Brawling has long been considered the red-headed stepchild of the fighting arts, but that could soon change thanks to Justin ‘The Highlight’ Gaethje’s introduction to the UFC.

Tonight (July 7) in Las Vegas, Gaethje, in the process of stopping number five-ranked lightweight Michael Johnson in the second round, made an art form of brawling. Relentless, merciless and violent, the former World Series of Fighting champion played his part in a thrilling ‘Fight of the Year’ contender, replete with ebb and flow and knockdowns, and cemented his reputation as one of MMA’s most exciting commodities.

How’s that for a first impression?

Anyone privy to Gaethje’s work in the WSOF, which took his unbeaten run to 17, would have been well aware of the Arizona native’s fondness for a tear-up, but, for those unfamiliar, a star was tonight born in Las Vegas and, moreover, many will have said hello to their new favourite fighter.

Speaking to Fighters Only last week, Gaethje’s coach, Trevor Wittman, sounded excited yet apprehensive about his charge’s fight with Johnson. A step up in class, he envisaged a series of rocky moments and said he fully expected Johnson to sweep the first round or two on hand and foot speed alone.

He was, in retrospect, half right. Gaethje gave as good as he got in the early going. He matched Johnson in the exchanges, even wobbling him with a left hook, and cut off the Octagon, suffocating Johnson, in a way that was both admirable and brave. Leg kicks chopped away; body punches softened. There was no quarter given. For Johnson, no room to breathe.

But, of course, as is Gaethje’s custom, there were, as Wittman predicted, more than a few anxious moments along the way. A southpaw left cross thrown early by Johnson, for example, knocked him off balance and brought a grin to his face, and then, after a period of good work, Gaethje, with less 30 seconds left to run in the opening round, found his legs buckled and senses scrambled by a stunning right uppercut from an orthodox stance.

For a moment, it seemed the end was near. Johnson shot in for a takedown, momentarily got Gaethje’s back, and then proceeded to punch his wounded opponent from the side. He hurt him once more, finishing the round well on top, and effectively had the final say in a round that saw numerous momentum shifts.

Not that Gaethje, 28, cared. He knew he was playing the long game. It’s what he does. It’s what he had trained to do. Therefore, rather than panic, he brushed himself down, smiled to start round two and seemed to outwardly relish the danger he was set to face. To him, this was all fun and round two, rather than a round he needed to survive, merely represented another opportunity for him to punch or elbow Johnson in the face and kick away at his legs.

Johnson, though, was quick to rediscover his groove and it wasn’t long before he again sent Gaethje reeling, this time via a huge right hand, and seemed on the brink of securing an eye-catching stoppage. Gaethje, caught in a whirlwind, was more hurt this time around and follow-up knees in the clinch didn’t exactly help matters, either.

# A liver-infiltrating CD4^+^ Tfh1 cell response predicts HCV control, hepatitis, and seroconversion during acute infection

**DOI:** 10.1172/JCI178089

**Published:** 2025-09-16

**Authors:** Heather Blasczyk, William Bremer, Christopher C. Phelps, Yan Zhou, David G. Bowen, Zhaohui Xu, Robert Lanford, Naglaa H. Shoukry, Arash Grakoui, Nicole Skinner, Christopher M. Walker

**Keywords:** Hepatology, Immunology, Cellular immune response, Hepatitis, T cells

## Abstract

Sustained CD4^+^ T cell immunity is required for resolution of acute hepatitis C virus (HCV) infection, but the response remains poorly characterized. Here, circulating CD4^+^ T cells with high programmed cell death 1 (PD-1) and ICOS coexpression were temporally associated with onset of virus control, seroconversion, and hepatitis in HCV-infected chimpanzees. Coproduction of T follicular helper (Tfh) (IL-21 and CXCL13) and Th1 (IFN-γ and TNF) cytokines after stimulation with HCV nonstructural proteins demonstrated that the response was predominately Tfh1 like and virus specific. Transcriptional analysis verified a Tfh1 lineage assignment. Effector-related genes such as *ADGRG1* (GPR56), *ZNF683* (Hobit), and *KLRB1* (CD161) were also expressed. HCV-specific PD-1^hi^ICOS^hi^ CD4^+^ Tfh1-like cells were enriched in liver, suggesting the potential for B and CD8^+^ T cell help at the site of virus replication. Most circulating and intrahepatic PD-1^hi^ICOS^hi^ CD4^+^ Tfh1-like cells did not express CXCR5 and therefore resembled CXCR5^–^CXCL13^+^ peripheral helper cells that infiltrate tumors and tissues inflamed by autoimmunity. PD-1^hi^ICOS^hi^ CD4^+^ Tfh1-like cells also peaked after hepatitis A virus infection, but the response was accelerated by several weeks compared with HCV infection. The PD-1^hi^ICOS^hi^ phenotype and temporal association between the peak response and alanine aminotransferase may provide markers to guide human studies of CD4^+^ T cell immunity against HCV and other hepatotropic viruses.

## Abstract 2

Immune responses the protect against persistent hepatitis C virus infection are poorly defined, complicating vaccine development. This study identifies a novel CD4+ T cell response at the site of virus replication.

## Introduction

Still, he made it to the other side and Johnson, perhaps wisely, settled back down, careful not to punch himself out, and continued to move on the back foot, spiking Gaethje from afar with sharp and straight counterpunches, as well as some well-placed body shots.

Although an intelligent strategy on the face of it – one Johnson presumably set out to execute – it also provided Gaethje with the very thing he wanted: time and space to go to work; the chance to build momentum; confidence. After all, for a visceral animal like Gaethje there is no greater sight than that of an opponent in retreat mode, voluntarily or not. This action, that of going back, speaks to the destroyer in Gaethje. It motivates him to increase his own pace and output. It makes him hungry.

This was apparent in round two when, not long after Gaethje found himself on queer street as a result of a right hand, he managed to pierce an uppercut of his own through Johnson’s flimsy guard and badly stun the man from St. Louis. Momentum regained, Gaethje now had Johnson trying to hold and survive as elbows sent him to the floor and he looked to stay there. Gaethje, naturally, told him to rise. When he did, the attack recommenced, now in the form of leg-kicks, and Johnson flopped to the deck for a second time. As before, Gaethje signalled for his opponent to dust himself down and return to the eye of the storm. So, begrudgingly, he did.

This time, however, once Johnson was upright, there would be no let-up from Gaethje. He set about Johnson immediately, connecting with a flying left knee, and then finished him against the fence with an accurate right knee to the face.

With that, the fight, one of the best in recent memory, was over at the 4:48 mark of round two.

“It feels fantastic; I love this,” Gaethje, now 18-0, said afterwards. “You cannot break me, I promise you. Drop me all you want; you better put me to sleep or I’m coming for your head, coming for your legs, coming for your body.

“I have the best coach, Trevor Wittman, and for eight weeks he said start low and you will get a nice knockout. That’s what I did. He landed a great uppercut, but I was never out of that fight. Never.”

That, on tonight’s evidence, is the art of brawling. It’s not about wandering aimlessly, taking licks and hoping to get lucky. It’s about smothering and stifling and cutting off an opponent’s space and breathing room. It’s about leg-kicks and body shots and dirty boxing and clinch-work. It’s about staying active when you’re tired. It’s about still believing when you’re down and hurt. It’s about fighting when the other guy no longer wants to fight. It’s winning when winning doesn’t seem possible.

It’s everything Justin Gaethje, MMA’s answer to Arturo ‘Thunder’ Gatti, did tonight in Sin City.